Mee has responded to the suggestion that he make a career in animation with the observation that to extend beyond the still image of a painting or sculpture, to fill in the narrative gaps by telling a complete story, would defeat the purpose of his art, which he says is to reflect upon a single narrative moment within an unspecified sequence of events. While Mee is quite willing to talk about his work, he evades describing what it is about.1 The apparent conflict between an immutable image and the manifold narratives such an image evokes, illuminates a point of ambiguity in Mee's work, the first of many that characterizes his intelligent and complex oeuvre.
In some respects it might be argued that Peace and Security is the artist's response to those who wish for narrative closure. The painting depicts an infant curled up, sleeping blissfully, with its oral and anal orifices plugged with pacifiers, or 'dummies'. The sealing of the beginning and end of the processes of bodily functioning operates in a metonymic relation to the pacification that occurs when the narrative gaps are filled in for an audience. One no longer has to think, and peace and security are attained, but at the expense of 'dumbing down', of creating 'dummies'.
In another reading however, it can be suggested that the representation of an enclosed digestive tract offers a model of Mee's work, in that his art does consider encapsulated moments that each can be regarded as complete within themselves. This is not to suggest that his art offers static representations of stagnant moments. With respect to the imagery used, Julia Kristeva has long since privileged the drives that order the continuum between the glottal and anal sphincters to forward an argument for the 'psychosomatic modality of the signifying process'.2 The feature of Mee's art that might lead to an assessment of it as undeveloped animation, or indeed likened to an enclosed digestive tract, is that which imbues his work with sophistication. The moments Mee contemplates are moments of narrative crisis, 'thetic' moments (to employ Kristeva's terminology), where meaning erupts but also where it is undermined: 'when ... meaning is constituted but is then immediately exceeded by what seems outside meaning, materiality, the discontinuity of real objects'.3 The non-meaning that encroaches on the discontinuity of real objects (or the pacified digestive tract) is conveyed in all of the works in Little Boys by the sparse spaces that the characters inhabit. The figures in Mee's paintings are not connected to a physical landscape. A rare exception is Jousting, but even in this portrait, the pinioned state of the horse-mounted character is the focus of our attention- the black horse she is riding is subsumed into a receding background, while both the white horse and its lance-wielding rider assume the shadowy proportions of the surrounding space. This indistinct space, however, intrudes upon the space of meaning in the painting. The obscure landscape is as much a threat to the mounted figure as the lance that stabs her eye. Similarly, Mee's sculpted figurines are placed in nondescript landscapes of fake trees and grass whose banality serves at once to isolate the duck and rabbit characters in a narrative moment, while also asserting a sense of non-meaning that threatens to engulf meaning. The space in Mee's work encroaches significantly upon the materiality of his real, discernible figures, and it might be argued, represents, metonymically, the excess of non-meaning that constantly challenges meaning.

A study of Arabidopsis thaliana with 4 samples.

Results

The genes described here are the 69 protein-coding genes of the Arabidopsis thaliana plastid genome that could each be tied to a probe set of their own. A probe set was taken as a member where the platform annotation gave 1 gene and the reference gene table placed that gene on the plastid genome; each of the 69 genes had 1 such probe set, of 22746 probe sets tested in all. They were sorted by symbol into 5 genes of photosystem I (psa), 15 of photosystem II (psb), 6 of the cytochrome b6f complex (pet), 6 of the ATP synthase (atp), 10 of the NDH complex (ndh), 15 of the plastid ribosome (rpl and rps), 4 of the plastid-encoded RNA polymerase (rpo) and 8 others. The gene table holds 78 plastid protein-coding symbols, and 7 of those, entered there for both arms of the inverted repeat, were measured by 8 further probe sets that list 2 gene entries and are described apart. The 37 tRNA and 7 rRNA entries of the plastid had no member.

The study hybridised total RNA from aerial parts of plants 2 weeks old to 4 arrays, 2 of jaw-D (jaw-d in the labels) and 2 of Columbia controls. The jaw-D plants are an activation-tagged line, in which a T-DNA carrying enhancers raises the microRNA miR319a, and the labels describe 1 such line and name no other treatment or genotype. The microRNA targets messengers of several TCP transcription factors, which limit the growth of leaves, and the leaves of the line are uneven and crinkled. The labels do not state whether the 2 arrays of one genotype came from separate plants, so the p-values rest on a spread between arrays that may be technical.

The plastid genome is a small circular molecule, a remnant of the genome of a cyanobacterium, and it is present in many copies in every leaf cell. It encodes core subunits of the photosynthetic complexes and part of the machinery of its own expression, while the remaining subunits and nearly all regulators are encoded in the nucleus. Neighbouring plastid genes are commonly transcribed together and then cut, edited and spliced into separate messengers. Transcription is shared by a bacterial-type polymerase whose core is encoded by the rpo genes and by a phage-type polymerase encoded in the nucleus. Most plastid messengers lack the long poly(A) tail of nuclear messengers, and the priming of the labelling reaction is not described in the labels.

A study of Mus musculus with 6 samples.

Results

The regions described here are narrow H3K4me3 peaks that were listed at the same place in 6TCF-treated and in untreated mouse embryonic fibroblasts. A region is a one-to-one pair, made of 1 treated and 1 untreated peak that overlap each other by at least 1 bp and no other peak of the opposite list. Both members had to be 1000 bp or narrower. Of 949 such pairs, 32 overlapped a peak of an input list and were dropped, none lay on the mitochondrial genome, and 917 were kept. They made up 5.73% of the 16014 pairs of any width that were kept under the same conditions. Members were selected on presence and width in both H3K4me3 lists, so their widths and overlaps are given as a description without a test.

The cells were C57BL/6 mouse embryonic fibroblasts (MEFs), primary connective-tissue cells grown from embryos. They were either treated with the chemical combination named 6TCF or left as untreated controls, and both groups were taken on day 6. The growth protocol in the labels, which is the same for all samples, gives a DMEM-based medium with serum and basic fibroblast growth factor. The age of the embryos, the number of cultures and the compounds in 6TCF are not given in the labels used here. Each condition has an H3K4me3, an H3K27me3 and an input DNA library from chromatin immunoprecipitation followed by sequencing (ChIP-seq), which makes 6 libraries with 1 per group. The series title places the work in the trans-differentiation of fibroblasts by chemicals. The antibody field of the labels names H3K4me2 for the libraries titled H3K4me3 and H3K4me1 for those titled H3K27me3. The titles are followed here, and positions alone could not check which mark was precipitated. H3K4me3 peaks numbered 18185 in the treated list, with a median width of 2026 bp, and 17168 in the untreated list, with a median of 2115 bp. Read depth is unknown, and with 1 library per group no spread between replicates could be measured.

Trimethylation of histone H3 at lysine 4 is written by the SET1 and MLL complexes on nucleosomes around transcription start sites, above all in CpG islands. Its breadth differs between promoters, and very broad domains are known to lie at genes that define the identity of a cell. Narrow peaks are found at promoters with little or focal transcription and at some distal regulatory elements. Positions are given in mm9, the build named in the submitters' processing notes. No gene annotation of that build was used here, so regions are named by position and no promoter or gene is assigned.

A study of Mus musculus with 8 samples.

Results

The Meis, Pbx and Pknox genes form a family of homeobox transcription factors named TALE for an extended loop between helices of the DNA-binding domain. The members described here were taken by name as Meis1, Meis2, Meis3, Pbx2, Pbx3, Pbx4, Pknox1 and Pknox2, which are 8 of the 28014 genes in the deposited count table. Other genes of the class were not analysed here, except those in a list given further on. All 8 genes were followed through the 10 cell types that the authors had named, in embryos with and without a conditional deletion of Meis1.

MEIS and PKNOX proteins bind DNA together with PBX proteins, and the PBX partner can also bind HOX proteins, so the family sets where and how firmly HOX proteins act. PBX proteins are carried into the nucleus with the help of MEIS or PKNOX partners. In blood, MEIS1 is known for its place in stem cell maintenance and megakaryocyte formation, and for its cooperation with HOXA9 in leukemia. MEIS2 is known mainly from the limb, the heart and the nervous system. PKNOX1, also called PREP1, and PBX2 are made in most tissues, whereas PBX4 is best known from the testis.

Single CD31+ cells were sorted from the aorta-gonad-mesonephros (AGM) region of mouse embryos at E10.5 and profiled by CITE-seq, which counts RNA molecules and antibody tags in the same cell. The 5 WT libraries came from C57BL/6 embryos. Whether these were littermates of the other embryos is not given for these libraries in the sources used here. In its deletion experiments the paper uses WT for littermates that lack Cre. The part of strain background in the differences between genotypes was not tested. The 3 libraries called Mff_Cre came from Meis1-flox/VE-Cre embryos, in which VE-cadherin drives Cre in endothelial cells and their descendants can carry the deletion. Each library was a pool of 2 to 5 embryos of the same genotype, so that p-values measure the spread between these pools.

This sense of thetic crisis that is conveyed through a narrative moment in Mee's work is further apparent in the violence of many of the pieces. Decapitations, stabbings, and other violent acts abound. As thetic moments these works have meaning, but simultaneously, destroy meaning, a life, or an idea. In this regard, Mee's work is susceptible to a charge of nihilism; his art seems to wantonly destroy, to negate belief. Nothing is sacred. Such an assessment however, denies the way in which Mee's art ceaselessly opens ways for new meanings to be created.
Kristeva considers the way the thetic break, which produces meaning, has been represented as a death, or rather a murder, in archaic societies. This is what occurs when the drives of the semiotic become regulated through the social symbolic order. Kristeva refers to Freud's revelation of a 'founding break' from which he extrapolates that society is founded on a 'complicity in the common crime·4 For Kristeva this common crime is the 'act of murder' that ensues when the drives of the semiotic become contained in the stasis of the symbolic function that enables meaning. In effect, every representation is a moment of stasis; every representation is a kind of murder that has social implications. In representing a moment of narrative stasis, often quite literally the moment of death, the artist 'takes on murder and moves through it's Mee's work contemplates the violence of the social world, and enables, through the ambiguities between his child -friendly characters and adult themes; between his accomplished technical execution, and sordid and bloody imagery, 'a kind of second birth '.6 Through his art, Mee ensures infinite possibilities of meaning.
1. Interview with the artist. 20 October 1998.
2. Julia Kristeva, 'Revolution in Poetic Language', Literary Theory: An Anthology, ed. Julie Rivkin and Michael Ryan. Blackwell Publishing, Maiden, Massachusetts, 1998.
4. Julia Kristeva. Revolution in Poetic Language, trans. Lean S. Roudiez.
Columbia University Press, New York 1984.